May 21, 2019

Family,

About every other month I write a column for the Religion Corner section of the Piedmont Post. This is my most recent submission:

On Thursday evening May 16 our church  hosted the 23rd Oakland Ceasefire Call-in. At these events young men who have been identified by law enforcement as being potential participants in acts of gun violence are invited to sit at the table with clergy, police, health professionals and other community leaders and receive both an invitation and a warning. The invitation is to put down their guns and come back into the community. They are offered mentoring, job training, recovery programs and educational opportunities. The warning is that if they choose to reject the services offered and continue on the path they are at risk of either arrest or great personal harm. Since the call-ins began in 2012 almost 350 young men, all affiliated with gangs, cliques and other groups known to engage in gun violence, have come to the table. After the meetings less than 20% of them have had subsequent interactions with law enforcement. Underlying all that the participants heard on Thursday evening were the words of one of the service providers, “Young brothers, you were not put on this earth to die young.”

In April the Giffords Law Center published a report titled “A Case Study in Hope: Lessons From Oakland’s Remarkable Reduction in Gun Violence.” Authored by Mike McLively, a Senior Attorney at the Giffords Center, the report detailed the ways in which Oakland’s implementation of the Ceasefire philosophy led to a 50% reduction in its rate of homicides with its 2018 total being the lowest in two decades. Researcher Anthony Braga noted that there were also significant decreases in non fatal shootings, from 566 in in 2012 to 277 in 2018 and that other forms of gun violence, the use of firearms in robberies for example, were down by 70% since 2013.

There are five key components to violence prevention strategies like Ceasefire:

  1. Analysis of violence and trends. Research showed that there were only 400 individuals at high risk of engaging in gun violence at any given time.
  2. Respectful, in-person communications. The call-ins are a leading example of this kind of communication.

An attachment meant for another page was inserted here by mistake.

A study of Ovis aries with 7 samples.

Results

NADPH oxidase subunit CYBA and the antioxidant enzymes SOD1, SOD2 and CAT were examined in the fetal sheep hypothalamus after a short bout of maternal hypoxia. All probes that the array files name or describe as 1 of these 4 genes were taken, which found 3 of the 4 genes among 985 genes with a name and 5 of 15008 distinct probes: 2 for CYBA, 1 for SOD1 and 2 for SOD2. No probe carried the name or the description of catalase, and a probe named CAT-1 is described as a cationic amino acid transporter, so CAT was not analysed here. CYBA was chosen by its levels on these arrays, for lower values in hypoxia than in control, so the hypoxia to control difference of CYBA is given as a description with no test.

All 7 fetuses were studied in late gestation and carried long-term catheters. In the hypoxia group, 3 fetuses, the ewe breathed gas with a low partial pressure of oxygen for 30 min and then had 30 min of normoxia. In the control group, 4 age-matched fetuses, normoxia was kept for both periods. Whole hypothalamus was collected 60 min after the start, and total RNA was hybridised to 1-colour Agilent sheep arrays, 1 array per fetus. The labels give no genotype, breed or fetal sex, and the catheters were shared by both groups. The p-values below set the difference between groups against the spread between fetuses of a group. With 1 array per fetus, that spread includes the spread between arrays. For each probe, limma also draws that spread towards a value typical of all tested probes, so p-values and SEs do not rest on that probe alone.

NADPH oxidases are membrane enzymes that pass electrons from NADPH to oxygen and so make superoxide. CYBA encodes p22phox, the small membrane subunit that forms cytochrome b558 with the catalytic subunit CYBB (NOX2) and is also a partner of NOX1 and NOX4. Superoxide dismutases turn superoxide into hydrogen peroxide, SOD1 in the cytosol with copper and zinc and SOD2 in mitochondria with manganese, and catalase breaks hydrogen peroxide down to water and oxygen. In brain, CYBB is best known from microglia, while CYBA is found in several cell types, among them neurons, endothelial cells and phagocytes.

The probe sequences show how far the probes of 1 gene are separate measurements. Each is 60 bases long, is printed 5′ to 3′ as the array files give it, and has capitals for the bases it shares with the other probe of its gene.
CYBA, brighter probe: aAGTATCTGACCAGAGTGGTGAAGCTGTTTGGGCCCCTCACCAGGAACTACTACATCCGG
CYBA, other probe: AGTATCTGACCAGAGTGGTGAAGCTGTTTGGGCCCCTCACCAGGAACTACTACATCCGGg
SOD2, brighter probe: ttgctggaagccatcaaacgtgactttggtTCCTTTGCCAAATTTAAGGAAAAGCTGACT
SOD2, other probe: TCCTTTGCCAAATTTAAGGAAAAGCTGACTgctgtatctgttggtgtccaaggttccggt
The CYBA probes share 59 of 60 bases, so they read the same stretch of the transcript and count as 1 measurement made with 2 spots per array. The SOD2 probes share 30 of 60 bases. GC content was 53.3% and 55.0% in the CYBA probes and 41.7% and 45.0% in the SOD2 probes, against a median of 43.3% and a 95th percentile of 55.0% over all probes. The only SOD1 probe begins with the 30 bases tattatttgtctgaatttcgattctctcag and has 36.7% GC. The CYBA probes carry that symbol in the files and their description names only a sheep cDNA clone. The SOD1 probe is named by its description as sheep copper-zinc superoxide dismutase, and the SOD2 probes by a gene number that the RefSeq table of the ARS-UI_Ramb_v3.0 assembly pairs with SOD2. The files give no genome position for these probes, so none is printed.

3. Relationship-Based social services. The services and programs offered at the call-ins embrace this philosophy.
  4. Narrowly focused law enforcement actions. Arrests are made but the understanding is that we cannot arrest our way out of the gun violence problem.
  5. Partnership-based performance management. There needs to be a commitment by the city to ongoing research, evaluation and best practices.

As a clergy participant in the Ceasefire effort I would also note that Ceasefire expresses some important theological beliefs. Among them:

  1. We are all created in the image of God and are deserving of profound respect.
  2. We are all ultimately accountable to a higher power for the way we live our lives.
  3. We have the ability to transcend a “me” centered existence and live a “we” centered one.
  4. We have a divinely given drive to wish for our children a life free from fear and full of peace.
  5. We can gain wisdom from failure, set-back and sorrow.

Let us stay on the path of peace.

Pastor Jim Hopkins
Lakeshore Avenue Baptist Church

Prayers of the Congregation

The family of friends of Marcie Giarizzo as they mourn her death earlier this year (Marcie was a Minister in Training in at LABC in the 1990s. She was living on the east coast.); The family and friends of Jim Robinson as they mourn his death; Sydney Webster for Gigi (health)  and for herself as she preaches at Trinity Baptist Church of San Mateo as the candidate to be their pastor; Thanksgiving that LCC student Myles is home from the hospital and responding well to treatment; Dale Edmondson for Eric, Julianne, Mia and family; All who are traveling, Julio Cash for his family; Rita Jennings (health); Tina Dright (health); the homeless members of our community; Robert Wilkins as he preaches for us this Sunday; Peggy Rogers-Tamayo for her family; Mary Karne for her family; Skip Keller for his mother-in-law, Esther, as she prepares to move from Florida to California; Dave Robinson for his parents (health); Larry Sims for his family; Margaret Alexander for her family; Kay Baxter for Jamie; Dayle Scott for his brother Don (hospice care) and family; Geetha Thaker (health); Ben Bartlett and family on his receipt of a PhD from University of California’s Department of Political Science

Announcements

The City of Oakland has re-opened the application process for the Police Commission. This commission is an important expression of procedural justice. Members of the LABC community would bring an important perspective to this work.